Rosanne Welch talks about “Why The Monkees Matter” with Jean Hopkins Power
Jean Powergirl takes the host reigns and welcomes her guest Rosanne Welch, PhD to the show! They’ll be discussing Roseanne’s book, “Why The Monkees Matter: Teenagers, Television and American Pop Culture.”
Rosanne: He did — as far as instrumentation — when they started to play their own instruments on their 3rd album, Headquarters, he did and from that point on has been playing on stage forever and he was always though to be the most proficient. He plays 6 different instruments. He eventually taught music after the show was over. So he’s quite brilliant in that aspect. He allowed himself thought to be cast as the village idiot in the show.
Jean: You always had to have a ding-y person on there. Right?
Rosanne: I talked to the writers and as they thought of the characters for each of these 4 individuals to make them stand out, they had an option with the last character. He could either be the idiot or he could be the supremely intelligent one who we make fun of because they can’t connect socially.
Jean: They’re nerding out.
Rosanne: Like Sheldon on The Big Bang Theory and the writers admitted that at the last minute they thought we can make more quick jokes about stupid people than we can about smart people. So let’s just choose that.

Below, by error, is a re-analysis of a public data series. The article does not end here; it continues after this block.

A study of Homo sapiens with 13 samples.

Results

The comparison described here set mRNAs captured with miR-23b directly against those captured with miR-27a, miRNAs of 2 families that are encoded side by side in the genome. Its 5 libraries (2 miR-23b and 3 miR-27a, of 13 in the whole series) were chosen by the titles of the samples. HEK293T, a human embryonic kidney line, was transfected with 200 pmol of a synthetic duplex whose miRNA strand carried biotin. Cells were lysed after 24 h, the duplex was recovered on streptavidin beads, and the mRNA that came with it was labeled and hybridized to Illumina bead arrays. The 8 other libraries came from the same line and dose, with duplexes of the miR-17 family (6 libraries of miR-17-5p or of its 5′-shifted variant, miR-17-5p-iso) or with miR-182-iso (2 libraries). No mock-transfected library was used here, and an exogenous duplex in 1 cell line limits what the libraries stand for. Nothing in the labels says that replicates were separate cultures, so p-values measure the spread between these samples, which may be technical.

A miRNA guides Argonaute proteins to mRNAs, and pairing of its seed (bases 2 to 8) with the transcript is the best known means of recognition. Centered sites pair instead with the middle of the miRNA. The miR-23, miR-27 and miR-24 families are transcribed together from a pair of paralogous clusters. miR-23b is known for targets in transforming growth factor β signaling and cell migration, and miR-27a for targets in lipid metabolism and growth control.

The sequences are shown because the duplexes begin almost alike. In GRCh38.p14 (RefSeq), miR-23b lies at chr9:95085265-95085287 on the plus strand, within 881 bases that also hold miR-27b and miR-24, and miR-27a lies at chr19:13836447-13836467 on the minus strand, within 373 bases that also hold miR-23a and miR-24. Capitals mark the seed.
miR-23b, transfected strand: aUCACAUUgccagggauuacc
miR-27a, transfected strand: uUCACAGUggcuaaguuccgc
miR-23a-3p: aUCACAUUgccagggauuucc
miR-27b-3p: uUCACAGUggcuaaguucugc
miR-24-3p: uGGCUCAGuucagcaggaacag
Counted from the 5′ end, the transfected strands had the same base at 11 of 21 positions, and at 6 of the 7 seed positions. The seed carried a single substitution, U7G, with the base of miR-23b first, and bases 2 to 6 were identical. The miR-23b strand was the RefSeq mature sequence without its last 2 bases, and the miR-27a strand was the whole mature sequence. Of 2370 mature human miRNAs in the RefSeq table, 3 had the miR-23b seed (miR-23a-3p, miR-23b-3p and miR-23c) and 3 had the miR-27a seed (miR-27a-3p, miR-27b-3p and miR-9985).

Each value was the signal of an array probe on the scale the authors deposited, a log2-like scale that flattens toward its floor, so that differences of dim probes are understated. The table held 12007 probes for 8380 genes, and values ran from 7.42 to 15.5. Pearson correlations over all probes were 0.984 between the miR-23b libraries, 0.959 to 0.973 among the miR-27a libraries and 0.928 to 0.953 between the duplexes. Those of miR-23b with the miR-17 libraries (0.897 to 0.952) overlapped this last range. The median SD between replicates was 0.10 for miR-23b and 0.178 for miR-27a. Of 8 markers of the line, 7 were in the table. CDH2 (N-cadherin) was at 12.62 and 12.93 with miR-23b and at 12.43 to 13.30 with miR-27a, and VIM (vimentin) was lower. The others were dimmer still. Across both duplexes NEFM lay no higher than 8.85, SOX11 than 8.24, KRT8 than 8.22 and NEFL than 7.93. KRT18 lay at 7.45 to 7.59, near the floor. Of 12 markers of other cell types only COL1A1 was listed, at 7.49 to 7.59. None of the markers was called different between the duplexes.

A hit television show about a fictitious rock band, The Monkees (1966-1968) earned two Emmys–Outstanding Comedy Series and Outstanding Directorial Achievement in Comedy. Capitalizing on the show’s success, the actual band formed by the actors, at their peak, sold more albums than The Beatles and The Rolling Stones combined and set the stage for other musical TV characters from The Partridge Family to Hannah Montana. In the late 1980s, the Monkees began a series of reunion tours that continued into their 50th anniversary.
This book tells the story of The Monkees and how the show changed television, introducing a new generation to the fourth-wall-breaking slapstick created by Laurel and Hardy and the Marx Brothers. Its creators contributed to the innovative film and television of 1970s with projects like Bob & Carol & Ted & Alice, The Mary Tyler Moore Show, Laugh-In and Welcome Back, Kotter. Immense profits from the show, its music and its merchandising funded the producers’ move into films such as Head, Easy Rider and Five Easy Pieces.
Rosanne Welch, PhD has written for television (Touched by an Angel, Picket Fences) and print (Three Ring Circus: How Real Couples Balance Marriage, Work and Kids and The Encyclopedia of Women in Aviation and Space). In the documentary world she has written and produced Bill Clinton and the Boys Nation Class of 1963 for ABC NEWS/Nightline and consulted on PBS’s A Prince Among Slaves, the story of a prince from West Africa who was enslaved in the 1780s, freed by order of President John Quincy Adams in the 1820s and returned to his homeland.